China Politics

Taiwan opposition party picks pro-China mayor for 2020 presidential race

  • The Nationalist Party chose Han Kuo-yu to run against incumbent Tsai Ing-wen in the January election.
  • He defeated former Foxconn Technology chairman Terry Gou in a party primary.
  • Han has vowed to make peace with China. In March he signed deals with four Chinese cities to sell 5.2 billion New Taiwan dollars ($165 million) worth of Taiwanese agricultural products.
Kaohsiung city mayor Han Kuo-yu (C) from the Kuomintang party gestures while speaking to his supporters during a campaign event in Taipei on June 1, 2019.
Daniel Shih | AFP | Getty Images

Taiwan's main opposition party on Monday picked a populist, pro-China mayor as its candidate for the 2020 presidential race against an incumbent who often bashes Beijing.

The Nationalist Party chose Han Kuo-yu to run against incumbent Tsai Ing-wen in the January election. He defeated former Foxconn Technology chairman Terry Gou in a party primary.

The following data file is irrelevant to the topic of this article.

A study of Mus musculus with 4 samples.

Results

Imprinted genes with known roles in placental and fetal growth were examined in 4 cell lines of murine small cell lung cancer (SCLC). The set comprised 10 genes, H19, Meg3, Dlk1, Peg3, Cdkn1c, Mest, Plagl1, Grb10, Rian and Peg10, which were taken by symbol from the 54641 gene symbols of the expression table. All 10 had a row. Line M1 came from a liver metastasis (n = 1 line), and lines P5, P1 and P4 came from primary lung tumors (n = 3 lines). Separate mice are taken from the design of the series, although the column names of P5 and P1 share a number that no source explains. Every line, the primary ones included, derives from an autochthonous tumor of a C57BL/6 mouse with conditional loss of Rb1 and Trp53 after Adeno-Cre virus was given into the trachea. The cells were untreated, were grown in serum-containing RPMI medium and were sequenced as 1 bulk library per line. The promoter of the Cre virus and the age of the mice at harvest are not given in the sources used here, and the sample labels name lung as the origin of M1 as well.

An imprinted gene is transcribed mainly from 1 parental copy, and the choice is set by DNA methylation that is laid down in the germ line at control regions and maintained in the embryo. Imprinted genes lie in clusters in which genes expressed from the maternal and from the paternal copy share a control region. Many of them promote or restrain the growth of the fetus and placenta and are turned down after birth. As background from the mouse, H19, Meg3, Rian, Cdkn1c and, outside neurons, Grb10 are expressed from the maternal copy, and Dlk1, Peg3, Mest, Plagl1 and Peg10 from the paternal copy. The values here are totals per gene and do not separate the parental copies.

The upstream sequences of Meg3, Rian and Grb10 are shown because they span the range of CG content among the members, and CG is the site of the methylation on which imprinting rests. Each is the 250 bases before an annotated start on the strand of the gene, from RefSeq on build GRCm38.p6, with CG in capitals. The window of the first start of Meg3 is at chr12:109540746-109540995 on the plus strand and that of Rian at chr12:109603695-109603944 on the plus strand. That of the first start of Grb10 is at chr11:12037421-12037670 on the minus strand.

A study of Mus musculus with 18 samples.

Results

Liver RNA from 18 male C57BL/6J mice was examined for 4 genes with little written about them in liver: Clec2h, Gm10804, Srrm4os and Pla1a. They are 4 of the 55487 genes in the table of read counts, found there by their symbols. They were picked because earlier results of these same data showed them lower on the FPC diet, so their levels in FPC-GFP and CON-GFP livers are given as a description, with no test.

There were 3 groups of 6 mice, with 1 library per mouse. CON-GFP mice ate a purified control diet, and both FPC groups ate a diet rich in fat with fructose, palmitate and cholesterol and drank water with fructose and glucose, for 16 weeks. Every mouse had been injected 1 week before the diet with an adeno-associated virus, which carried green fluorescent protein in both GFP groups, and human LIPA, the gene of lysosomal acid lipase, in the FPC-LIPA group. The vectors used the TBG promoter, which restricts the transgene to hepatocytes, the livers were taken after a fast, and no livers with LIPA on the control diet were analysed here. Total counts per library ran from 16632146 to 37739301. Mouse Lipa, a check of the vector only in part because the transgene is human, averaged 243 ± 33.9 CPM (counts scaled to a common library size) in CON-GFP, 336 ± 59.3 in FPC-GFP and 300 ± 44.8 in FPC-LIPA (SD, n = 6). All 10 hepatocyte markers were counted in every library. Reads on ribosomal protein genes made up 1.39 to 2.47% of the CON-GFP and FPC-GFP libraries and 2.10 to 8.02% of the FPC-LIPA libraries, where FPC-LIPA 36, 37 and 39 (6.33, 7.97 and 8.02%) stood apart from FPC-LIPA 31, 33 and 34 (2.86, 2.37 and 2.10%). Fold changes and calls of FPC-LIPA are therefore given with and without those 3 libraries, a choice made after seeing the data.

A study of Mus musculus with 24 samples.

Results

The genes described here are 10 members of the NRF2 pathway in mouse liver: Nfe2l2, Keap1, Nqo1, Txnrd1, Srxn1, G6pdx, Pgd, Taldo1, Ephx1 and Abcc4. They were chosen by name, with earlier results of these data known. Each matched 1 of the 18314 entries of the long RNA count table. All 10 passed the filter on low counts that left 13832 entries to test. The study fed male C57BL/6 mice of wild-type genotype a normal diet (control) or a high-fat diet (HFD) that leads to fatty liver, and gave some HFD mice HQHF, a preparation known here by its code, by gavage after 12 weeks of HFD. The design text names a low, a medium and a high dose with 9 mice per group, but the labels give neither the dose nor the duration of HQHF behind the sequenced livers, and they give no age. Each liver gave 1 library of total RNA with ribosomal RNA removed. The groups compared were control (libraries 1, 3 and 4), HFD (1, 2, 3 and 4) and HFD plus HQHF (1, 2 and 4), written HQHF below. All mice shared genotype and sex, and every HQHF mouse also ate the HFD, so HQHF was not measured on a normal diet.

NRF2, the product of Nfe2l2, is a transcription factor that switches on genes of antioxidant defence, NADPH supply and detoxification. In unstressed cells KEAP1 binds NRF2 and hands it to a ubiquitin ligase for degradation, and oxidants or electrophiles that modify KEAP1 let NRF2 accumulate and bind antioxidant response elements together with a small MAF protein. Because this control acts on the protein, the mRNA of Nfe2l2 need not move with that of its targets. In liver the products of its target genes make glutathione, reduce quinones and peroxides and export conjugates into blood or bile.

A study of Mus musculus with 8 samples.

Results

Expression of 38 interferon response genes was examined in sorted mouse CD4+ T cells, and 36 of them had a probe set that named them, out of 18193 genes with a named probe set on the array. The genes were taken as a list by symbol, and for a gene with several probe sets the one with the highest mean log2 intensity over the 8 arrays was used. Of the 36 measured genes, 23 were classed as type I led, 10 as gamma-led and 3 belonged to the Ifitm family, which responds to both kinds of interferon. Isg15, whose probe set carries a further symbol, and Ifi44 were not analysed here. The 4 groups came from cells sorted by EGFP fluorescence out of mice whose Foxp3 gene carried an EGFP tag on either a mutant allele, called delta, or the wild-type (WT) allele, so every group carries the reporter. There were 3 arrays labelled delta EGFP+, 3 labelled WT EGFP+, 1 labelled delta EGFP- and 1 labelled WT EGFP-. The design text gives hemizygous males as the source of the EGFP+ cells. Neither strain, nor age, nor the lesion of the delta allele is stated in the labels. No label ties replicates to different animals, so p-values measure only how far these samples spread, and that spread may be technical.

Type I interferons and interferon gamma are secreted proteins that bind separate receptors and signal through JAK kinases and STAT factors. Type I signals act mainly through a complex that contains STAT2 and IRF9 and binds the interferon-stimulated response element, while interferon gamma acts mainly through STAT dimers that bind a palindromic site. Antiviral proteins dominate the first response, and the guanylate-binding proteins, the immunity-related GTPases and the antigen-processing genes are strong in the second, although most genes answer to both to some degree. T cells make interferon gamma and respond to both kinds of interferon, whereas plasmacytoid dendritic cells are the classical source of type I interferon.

Han was supported by 45% of respondents in telephone opinion surveys over the past week, the party said. Gou was second with 28%. Three other candidates also sought the nomination.

Han has vowed to make peace with China. In March he signed deals with four Chinese cities to sell 5.2 billion New Taiwan dollars ($165 million) worth of Taiwanese agricultural products.

He was elected mayor in November of the port city of Kaohsiung, normally a ruling-party stronghold, on pledges to improve the local economy.

Tsai's ruling Democratic Progressive Party suffered a major setback in the November local elections amid voter dissatisfaction with her management of the economy.

She has since rebounded in popularity ratings by taking a tough stance against China, which has ratcheted up pressure on the self-governing island to reunite with the mainland.

China and Taiwan separated during civil war in 1949, but Beijing still claims sovereignty over the island and occasionally threatens to use force to take it if necessary.

Gou's candidacy attracted interest in overseas business circles, as Foxconn churns out iPhones and other consumer electronics as a contract manufacturer for Apple and other brands.

He founded Foxconn Technology 45 years ago and built it by investing heavily in factories around China to tap into the vast, cheap labor pool there. Gou stepped down as company chairman in June to run in the primary.